Coal Is Literally a Dead End
Pollution from coal used at two Oak Creek power plants has long-term health consequences.
Last month, the Clean Power Coalition of Southeastern Wisconsin hosted a “Listening Session” at the Oak Creek Public Library. Residents were invited to share their experiences and concerns regarding the ongoing problems and recent incidents involving coal dust from the two coal plants in their neighborhood. More than 160 attended, and many spoke passionately about their families’ exposure to coal dust inside and outside their homes. Also attending were representatives from We Energies, which owns one coal plant in Oak Creek and from WPPI and MG&E, the two utilities who co-own the other, newer coal plant with We Energies, known as the Elm Road Generating Station.
Thomas Metcalfe, Executive Vice President for We Energies, spoke of what he called “long-term strategies.” On April 10 a letter went out from him repeating those strategies. Two of them include “Planting more trees for screening” and “Constructing a wind barrier either partially or fully around the coal piles.” Trees? Really? It is difficult to imagine how a row of saplings could shield residents from the mountain of coal next door. This proposed solution is also ironic, given the fact that We Energies chopped down a section of mature forest to make way for the coal pile in the first place.
As for the wind barrier—described as “a large screen that could be as tall as 100 feet”—it is, at best, a partial solution. The material wouldn’t actually block particulates from escaping. It would simply reduce wind speeds in the area around the pile. A 2017 study on coal dust from the National Bureau for Economic Research explains that coal piles emit fine particulate pollution in multiple ways. Wind blowing dust off the pile is one factor, but coal piles also emit volatile gases, which can cause the formation of fine particulates. Additionally, the handling, processing, and pulverization of coal on site can contribute to the problem. The study concludes that these fine particulates, some 2.5 microns or smaller, can travel as far as 25 miles.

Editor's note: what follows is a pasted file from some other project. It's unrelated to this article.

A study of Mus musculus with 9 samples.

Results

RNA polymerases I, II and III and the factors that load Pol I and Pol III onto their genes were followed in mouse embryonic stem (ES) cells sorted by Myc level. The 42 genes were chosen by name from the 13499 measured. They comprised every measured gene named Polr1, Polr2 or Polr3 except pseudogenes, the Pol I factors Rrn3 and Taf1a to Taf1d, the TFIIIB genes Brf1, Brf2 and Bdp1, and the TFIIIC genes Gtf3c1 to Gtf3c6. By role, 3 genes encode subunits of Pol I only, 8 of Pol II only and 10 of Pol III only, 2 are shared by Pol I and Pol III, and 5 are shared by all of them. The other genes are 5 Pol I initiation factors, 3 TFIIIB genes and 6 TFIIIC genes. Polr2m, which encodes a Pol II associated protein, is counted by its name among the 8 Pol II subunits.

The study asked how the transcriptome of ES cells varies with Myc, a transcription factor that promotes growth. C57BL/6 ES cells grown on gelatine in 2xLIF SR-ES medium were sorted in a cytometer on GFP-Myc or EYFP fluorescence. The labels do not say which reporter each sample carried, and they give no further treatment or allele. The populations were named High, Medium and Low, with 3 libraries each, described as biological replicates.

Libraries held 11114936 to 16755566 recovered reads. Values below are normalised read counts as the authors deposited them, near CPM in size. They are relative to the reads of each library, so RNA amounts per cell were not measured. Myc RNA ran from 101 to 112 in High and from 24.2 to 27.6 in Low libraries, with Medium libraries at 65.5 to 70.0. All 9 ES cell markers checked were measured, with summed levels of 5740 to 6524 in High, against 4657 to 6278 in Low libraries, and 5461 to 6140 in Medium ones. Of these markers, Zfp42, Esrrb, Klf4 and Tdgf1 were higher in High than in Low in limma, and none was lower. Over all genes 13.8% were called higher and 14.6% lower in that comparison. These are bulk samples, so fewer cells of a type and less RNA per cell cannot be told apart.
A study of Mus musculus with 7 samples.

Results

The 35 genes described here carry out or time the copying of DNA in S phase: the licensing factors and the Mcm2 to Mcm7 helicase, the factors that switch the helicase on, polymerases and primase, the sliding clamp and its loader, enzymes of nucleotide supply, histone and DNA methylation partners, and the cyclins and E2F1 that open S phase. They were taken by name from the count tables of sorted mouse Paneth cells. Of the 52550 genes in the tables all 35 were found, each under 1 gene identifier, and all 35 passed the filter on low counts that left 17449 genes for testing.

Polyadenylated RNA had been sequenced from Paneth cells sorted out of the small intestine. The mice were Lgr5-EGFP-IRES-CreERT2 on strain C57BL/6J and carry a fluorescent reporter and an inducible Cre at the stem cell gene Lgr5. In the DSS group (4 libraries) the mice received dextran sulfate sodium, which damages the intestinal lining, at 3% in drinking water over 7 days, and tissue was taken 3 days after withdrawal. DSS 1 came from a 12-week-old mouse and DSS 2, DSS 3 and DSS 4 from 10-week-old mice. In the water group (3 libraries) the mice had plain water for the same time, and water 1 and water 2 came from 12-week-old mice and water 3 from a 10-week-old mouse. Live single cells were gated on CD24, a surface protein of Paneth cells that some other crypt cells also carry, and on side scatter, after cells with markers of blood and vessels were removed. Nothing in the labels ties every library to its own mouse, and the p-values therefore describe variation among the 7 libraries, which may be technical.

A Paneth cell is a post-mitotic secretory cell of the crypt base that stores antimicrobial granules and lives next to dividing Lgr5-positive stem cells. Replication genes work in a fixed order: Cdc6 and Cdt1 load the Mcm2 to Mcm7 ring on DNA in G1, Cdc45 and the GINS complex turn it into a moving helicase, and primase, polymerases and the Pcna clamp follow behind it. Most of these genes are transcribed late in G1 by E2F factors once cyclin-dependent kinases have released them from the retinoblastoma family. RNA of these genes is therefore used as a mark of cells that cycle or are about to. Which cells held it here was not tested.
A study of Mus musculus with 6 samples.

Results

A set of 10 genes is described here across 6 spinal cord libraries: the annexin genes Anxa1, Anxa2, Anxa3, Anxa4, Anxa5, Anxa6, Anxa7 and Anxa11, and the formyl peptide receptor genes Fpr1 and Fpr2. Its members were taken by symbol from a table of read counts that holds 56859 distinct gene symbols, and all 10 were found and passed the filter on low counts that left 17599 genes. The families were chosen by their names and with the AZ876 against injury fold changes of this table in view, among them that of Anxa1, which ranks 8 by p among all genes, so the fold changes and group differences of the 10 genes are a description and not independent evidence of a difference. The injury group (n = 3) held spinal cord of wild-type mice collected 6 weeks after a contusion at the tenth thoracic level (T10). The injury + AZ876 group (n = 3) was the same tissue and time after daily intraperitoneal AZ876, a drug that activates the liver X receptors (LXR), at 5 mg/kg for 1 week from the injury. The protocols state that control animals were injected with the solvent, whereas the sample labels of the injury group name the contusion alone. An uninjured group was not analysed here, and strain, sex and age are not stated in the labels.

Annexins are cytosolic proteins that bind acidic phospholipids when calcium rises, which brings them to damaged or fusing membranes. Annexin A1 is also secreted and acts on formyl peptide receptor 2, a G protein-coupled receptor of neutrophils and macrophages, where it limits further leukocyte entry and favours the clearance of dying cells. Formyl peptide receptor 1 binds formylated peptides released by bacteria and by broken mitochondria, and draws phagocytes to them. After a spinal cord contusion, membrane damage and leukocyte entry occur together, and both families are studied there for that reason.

Coal dust isn’t the only toxic aspect of coal energy production. Nearly every stage of the process has detrimental impacts on human health and the environment at large–from extraction, to burning, to disposal of coal ash waste with its carcinogenic heavy metal contaminants. In the May/June issue of SIERRA, Sierra Club Director Michael Brune tells us, “Even among dirty fuels, coal causes the most obvious harm to the environment and to human health, from mercury poisoning to black lung disease. Just the soot from coal-fired power plants is responsible for an estimated 13,000 premature deaths annually in the United States.” That’s the equivalent of four 9/11 attacks every year, or one every three months. Yes, every three months.
There is really only one solution: transitioning to clean and renewable energy with all due speed. Fossil fuel energy comes at the price of health. People suffer, particularly children and the elderly. Health is undermined, lives are shortened. The fossil fuel industry has known this for decades. Clean, renewable energy is inevitable. These energy sources—solar and wind—ensure strong, stable jobs, substantial profit and healthier families. And the rest of the world (including many areas of America) is moving in this direction. China, our greatest economic competitor, now leads the world in solar panel production. We can lean into this exciting new transition, or we can stand back as the world passes us by. Finally, clean air, clean water, and uncontaminated soil are human needs. They are environmental needs, earth-needs. And they are every bit as vital for our children and grandchildren and the generations to come.
At the annual shareholders meeting, We Energies CEO Gale Klappa stated that “progress is our most important product.” If that’s truly the case, We Energies needs to embrace progress by eliminating coal from its fuel mix and transitioning to renewable energy. The measures We Energies has suggested so far in response to the concerns of Oak Creek residents are not progress or “long-term solutions”—they’re just more of the same. If Wisconsin’s energy company executives are unwilling to make these changes, then it falls to the shareholders and customers to make their feelings known. Phone calls, letters, and emails encouraging a change of policy will send a clear and compelling message to those in charge. Transitioning to clean, renewable energy makes good business sense, and it’s the right thing to do to protect our health, our people and our planet.
Carl Lindner is a UW-Parkside emeritus professor who lives in Racine.